Consumption of Sourdough Breads Improves Postprandial Glucose Response and Produces Sourdough-Specific Effects on Biochemical and Inflammatory Parameters and Mineral Absorption

Journal of Agricultural and Food Chemistry

by Katherine Gil-Cardoso, Guillermo Saldaña, Elisa Luengo, Jorge Pastor, Raquel Virto, Juan Maria Alcaide-Hidalgo, Josep M. del Bas, Lluís Arola, and Antoni Caimari

To evaluate responses to different sourdough breads, six groups of rats were fed a conventional refined wheat bread with no sourdough content (C_WhB); a leavened spelt bread baked with Rebola sourdough (Re_SpB); a durum wheat bread with Rebola sourdough (Re_DuB); or a multigrain bread leavened with Rebola (Re_MGB), Carla (Ca_MGB), or San Francisco sourdough (SF_MGB). Compared to C_WhB-fed rats, Re_SpB-, Re_DuB-, and Re_MGB-fed animals showed lower postprandial blood glucose levels, whereas SF_MGB-fed rats displayed a decreased postprandial blood insulin response and glucose and insulin
products. The 3 week intake of Ca_MGB decreased blood triacylglycerols and the relative apparent absorption (RAA) of Fe2+, Cu2+, and Zn2+, whereas Re_MGB-fed animals showed lower serum levels of the MCP-1 inflammatory marker and decreased the Fe RAA. The 3 week consumption of the multigrain bread produced sourdough-specific effects. Thus, Re_MGB-fed animals displayed higher insulin concentrations than Ca_MGB- and SF_MGB-fed rats and decreased blood MCP-1 levels compared to those of Ca_MGBfed animals. In addition, Ca_MGB-fed rats showed lower serum triacylglycerol concentrations than those of Re_MGB- and SF_MGB-fed animals, whereas SF_MGB-fed rats displayed higher RAA values of Ca2+, Cu2+, Fe2+, Mg2+, and Zn2+ than their Re_MGB and Ca_MGB counterparts. These sourdough-specific effects could be related to changes in the contents of sugars and organic acids, acidity, microbial composition, and proteolytic activity among sourdoughs. Hence, the consumption of sourdough breads improved postprandial blood glucose and insulin responses and produced sourdough-specific effects on RAA and serum insulin and triacylglycerol and MCP-1 levels in rats, showing that SF_MGB has the most promising beneficial effects.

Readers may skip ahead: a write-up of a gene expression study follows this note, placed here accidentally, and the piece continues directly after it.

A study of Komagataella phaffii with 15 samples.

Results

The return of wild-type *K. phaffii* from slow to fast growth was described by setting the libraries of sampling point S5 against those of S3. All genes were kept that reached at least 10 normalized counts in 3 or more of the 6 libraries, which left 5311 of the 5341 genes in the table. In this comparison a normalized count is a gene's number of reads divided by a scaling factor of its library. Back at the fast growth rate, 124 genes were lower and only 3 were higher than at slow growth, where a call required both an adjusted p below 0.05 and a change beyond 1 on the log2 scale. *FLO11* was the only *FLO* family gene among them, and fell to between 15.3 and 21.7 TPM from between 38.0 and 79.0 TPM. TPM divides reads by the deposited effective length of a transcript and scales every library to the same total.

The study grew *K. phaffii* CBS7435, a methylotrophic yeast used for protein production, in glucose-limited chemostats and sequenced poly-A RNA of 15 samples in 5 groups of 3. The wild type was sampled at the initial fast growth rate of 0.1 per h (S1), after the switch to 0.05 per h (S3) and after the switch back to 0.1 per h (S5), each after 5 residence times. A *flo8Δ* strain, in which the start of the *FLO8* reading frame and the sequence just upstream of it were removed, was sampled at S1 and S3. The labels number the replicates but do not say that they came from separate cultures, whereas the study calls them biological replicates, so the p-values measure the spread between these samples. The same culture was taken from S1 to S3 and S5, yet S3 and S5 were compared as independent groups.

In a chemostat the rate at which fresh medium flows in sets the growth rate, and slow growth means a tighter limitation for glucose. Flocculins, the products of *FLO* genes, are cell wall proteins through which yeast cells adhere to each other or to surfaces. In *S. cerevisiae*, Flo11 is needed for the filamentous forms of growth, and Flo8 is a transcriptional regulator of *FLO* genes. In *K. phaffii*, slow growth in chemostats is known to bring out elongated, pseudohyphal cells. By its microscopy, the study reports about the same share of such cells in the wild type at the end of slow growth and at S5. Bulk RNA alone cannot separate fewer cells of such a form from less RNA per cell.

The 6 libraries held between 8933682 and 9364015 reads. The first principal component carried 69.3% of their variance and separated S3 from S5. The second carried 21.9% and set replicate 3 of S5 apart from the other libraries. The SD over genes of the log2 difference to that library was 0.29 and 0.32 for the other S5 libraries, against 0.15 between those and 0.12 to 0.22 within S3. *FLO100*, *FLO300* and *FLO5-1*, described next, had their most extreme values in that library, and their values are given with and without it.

Study Protocol for a Multicenter Randomized Controlled Trial to Tackle Obesity through a Mediterranean Diet vs. a Traditional Low-Fat Diet in Adolescents: the MED4Youth Study

International Journal of Environmental Research and Public Health

by Noemi Boqué, Lucía Tarro,  Alice Rosi, Helena Torrell, Guillermo Saldaña, Elisa Luengo, Zeev Rachman, António Pires, Nuno Tiago Tavares, Ana Salomé Pires, Maria Filomena Botelho, Pedro Mena, Francesca Scazzina, Daniele Del Rio and Antoni Caimari.

Youth obesity is a strong predictor of adult obesity, which has well-known negative health consequences. Thus, addressing adult obesity requires tackling youth obesity. MEDYouth’s main objective is to strengthen the link between the Mediterranean Diet (MD) and the health benefits against youth obesity and associated cardiovascular disease (CVD) risk factors, identifying positive effects exerted by an MD including sourdough bread and healthy products from the Mediterranean basis (chickpeas/hummus, nuts, and pomegranate juice). For this purpose, a multicenter randomized controlled trial in which an MD-based intervention will be compared to a traditional low-fat diet intervention will be carried out with 240 overweight and obese adolescents (13-17 years) from Spain, Portugal, and Italy. Both interventions will be combined with an educational web-application addressed to engage the adolescents through a learning-through-playing approach, using both educational materials and games. To assess the interventions, adherence to the MD, dietary records, physical activity, food frequency, sociodemographic, and quality of life questionnaires as well as classical anthropometric and biochemical parameters will be evaluated. Furthermore, an omics approach will be performed to elucidate whether the interventions can shape the gut microbiota and gut-derived metabolites to gain knowledge on the mechanisms through which the MD can exert its beneficial effects.